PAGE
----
MARCH 19, 1946
PHOENIX, Ariz., Monday—We arrived here by plane Sunday afternoon, were met by Mrs. Walter Dougins and went directly to her home. There is something marvelous about the quality of the air in this state and in New Mexico. Both states enjoy much of the same clear blue skies and a quality of atmosphere which makes you feel, as you look at the distant mountains, that you can almost touch them. As we wandered around the garden and looked at Camelback Mountain, I could not help thinking of the variety of climate and landscape that we enjoy in this country of ours within just a few hours of travel.
When we left New York City Saturday we were told that hotel rooms had been reserved for us in Chicago, in case we could not continue on the same plane to our destination. On reaching Chicago, we found that it was raining, but, nevertheless, when we ran into the airport terminal, we found that our plane had been cleared. The uncertainties of weather make it wise to allow a little extra time on air trips. There was a great crowd in the Chicago terminal and I imagine the weather had held up a number of people going in different directions.
I cannot help feeling that a number of air terminals may have to make major improvements, in view of the fact that air travel is certainly going to be increasingly used in the coming years, as new inventions make it safer and gradually conquer the difficulties of bad weather. Building is already going on to improve facilities for travelers.
There were, of course, enormous Army flying installations throughout the country during the war, and as you near the airports you see what look almost like small cities, which are realty barracks and other necessary buildings put up in wartime.
Out here, they tell me that the housing administrator has warned people that the use of such buildings to meet the housing shortage may create the worst slums that have ever existed in our country. This is entirely true if we don't set a limit on the life of all temporary buildings and see to it that, at the end of that time, they are destroyed.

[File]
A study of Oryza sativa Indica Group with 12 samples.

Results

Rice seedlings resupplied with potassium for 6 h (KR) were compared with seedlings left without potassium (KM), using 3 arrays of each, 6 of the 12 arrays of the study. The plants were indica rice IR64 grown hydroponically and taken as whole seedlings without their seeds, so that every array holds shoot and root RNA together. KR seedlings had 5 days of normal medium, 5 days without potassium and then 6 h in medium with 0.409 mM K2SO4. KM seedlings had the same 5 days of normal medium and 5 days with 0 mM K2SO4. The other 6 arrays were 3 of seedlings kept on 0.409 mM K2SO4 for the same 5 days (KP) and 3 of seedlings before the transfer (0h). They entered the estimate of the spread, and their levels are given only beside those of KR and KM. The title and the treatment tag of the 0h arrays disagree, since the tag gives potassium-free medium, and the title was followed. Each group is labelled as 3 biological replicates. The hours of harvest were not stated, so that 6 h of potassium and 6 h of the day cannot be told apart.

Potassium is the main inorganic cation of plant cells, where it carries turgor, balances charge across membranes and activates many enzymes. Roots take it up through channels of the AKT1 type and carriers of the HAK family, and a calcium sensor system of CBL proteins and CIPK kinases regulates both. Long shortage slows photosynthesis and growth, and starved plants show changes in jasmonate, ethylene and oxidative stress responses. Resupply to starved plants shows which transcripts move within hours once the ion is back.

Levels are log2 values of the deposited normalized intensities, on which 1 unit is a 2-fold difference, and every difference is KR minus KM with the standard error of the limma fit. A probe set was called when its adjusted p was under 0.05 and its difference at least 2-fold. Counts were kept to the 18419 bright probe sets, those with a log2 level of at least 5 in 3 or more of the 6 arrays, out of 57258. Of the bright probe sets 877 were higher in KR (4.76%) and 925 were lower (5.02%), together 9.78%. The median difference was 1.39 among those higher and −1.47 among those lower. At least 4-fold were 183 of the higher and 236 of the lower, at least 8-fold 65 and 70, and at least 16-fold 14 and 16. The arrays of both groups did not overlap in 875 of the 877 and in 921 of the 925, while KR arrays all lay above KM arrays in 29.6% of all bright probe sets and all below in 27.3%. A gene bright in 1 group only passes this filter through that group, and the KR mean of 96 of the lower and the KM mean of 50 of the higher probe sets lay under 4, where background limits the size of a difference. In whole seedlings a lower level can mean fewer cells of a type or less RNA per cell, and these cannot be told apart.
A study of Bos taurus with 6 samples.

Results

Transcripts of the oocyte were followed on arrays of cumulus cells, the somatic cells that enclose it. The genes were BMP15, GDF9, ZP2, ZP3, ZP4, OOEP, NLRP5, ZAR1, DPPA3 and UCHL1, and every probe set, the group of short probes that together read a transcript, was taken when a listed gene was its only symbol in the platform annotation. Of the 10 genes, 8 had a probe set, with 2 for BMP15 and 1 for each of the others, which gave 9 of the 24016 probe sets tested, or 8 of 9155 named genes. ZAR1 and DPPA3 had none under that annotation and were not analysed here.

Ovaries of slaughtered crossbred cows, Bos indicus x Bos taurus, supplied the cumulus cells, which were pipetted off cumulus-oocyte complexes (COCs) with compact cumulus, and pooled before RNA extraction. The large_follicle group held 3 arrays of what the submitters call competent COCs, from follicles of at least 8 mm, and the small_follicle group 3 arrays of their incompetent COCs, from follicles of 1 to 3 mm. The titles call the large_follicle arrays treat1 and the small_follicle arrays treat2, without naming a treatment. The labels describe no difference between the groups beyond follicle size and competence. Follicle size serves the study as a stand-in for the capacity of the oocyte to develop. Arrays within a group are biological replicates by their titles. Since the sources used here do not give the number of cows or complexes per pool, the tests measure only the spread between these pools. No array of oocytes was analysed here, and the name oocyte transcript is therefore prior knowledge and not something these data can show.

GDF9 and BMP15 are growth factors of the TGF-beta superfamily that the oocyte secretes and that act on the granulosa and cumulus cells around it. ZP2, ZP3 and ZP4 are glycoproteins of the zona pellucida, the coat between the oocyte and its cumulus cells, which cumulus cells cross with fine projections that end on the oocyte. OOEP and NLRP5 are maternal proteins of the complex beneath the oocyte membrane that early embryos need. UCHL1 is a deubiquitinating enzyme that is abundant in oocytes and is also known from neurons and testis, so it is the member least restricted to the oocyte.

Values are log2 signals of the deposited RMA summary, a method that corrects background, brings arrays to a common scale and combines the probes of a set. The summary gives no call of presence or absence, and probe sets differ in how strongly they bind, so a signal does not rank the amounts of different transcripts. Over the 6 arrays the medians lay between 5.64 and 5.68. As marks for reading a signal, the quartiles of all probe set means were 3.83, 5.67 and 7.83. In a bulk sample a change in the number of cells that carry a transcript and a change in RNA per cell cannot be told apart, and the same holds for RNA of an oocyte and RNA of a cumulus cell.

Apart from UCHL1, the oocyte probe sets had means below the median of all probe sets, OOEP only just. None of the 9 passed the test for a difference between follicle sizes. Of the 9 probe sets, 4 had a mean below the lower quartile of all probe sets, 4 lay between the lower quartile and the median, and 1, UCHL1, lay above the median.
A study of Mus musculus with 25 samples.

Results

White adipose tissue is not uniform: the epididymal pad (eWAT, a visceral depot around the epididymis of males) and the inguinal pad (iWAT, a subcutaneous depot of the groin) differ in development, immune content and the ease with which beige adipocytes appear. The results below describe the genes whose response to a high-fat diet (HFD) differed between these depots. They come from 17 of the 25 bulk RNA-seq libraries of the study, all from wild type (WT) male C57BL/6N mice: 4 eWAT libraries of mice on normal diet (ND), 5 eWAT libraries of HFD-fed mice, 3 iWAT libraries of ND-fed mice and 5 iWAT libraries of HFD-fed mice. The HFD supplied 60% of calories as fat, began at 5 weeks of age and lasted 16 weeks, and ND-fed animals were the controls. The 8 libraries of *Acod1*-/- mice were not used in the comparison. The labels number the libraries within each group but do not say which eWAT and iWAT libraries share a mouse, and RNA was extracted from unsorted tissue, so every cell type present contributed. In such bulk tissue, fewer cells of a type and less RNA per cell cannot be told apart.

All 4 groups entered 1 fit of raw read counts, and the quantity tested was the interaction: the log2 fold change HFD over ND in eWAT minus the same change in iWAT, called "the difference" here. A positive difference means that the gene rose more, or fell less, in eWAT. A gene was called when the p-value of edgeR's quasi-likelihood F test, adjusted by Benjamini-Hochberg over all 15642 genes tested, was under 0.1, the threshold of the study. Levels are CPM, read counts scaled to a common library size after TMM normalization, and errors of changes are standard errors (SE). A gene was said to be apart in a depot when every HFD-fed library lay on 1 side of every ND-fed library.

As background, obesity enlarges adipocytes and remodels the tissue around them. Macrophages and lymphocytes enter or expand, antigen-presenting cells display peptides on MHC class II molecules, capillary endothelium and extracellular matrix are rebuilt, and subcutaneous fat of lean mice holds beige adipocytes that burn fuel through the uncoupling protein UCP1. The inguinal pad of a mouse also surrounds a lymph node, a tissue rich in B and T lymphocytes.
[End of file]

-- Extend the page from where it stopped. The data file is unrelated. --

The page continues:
London, because of the great destruction by bombs, has a terrible shortage of housing. There, as they cleared certain bombed areas along the docks, they put up a very temporary kind of shelter. It consisted of two bedrooms, a living room and a kitchen. A tiny coal-grate fireplace in the living room and a little gas stove in the kitchen are the only means of heating the house.
The next step was still temporary housing, usually of prefabricated material, but with a bathroom and more kitchen conveniences. The last step is brick two-family houses with modern heating, a bathroom, and kitchen facilities far beyond what the poorer houses in London have enjoyed in the past. The first temporary shelters are already being torn down as room is found for the second type; and the permanent houses are going up wherever the land is cleared.
We in this country certainly should use our temporary buildings to the limit for the relief of those needing homes immediately. However, with our resources, and in view of the fact that our shortage comes only from not having been able to build during the war, and not from any destruction, we should be able to plan even more rapidly than the British to replace all temporary housing with permanent homes.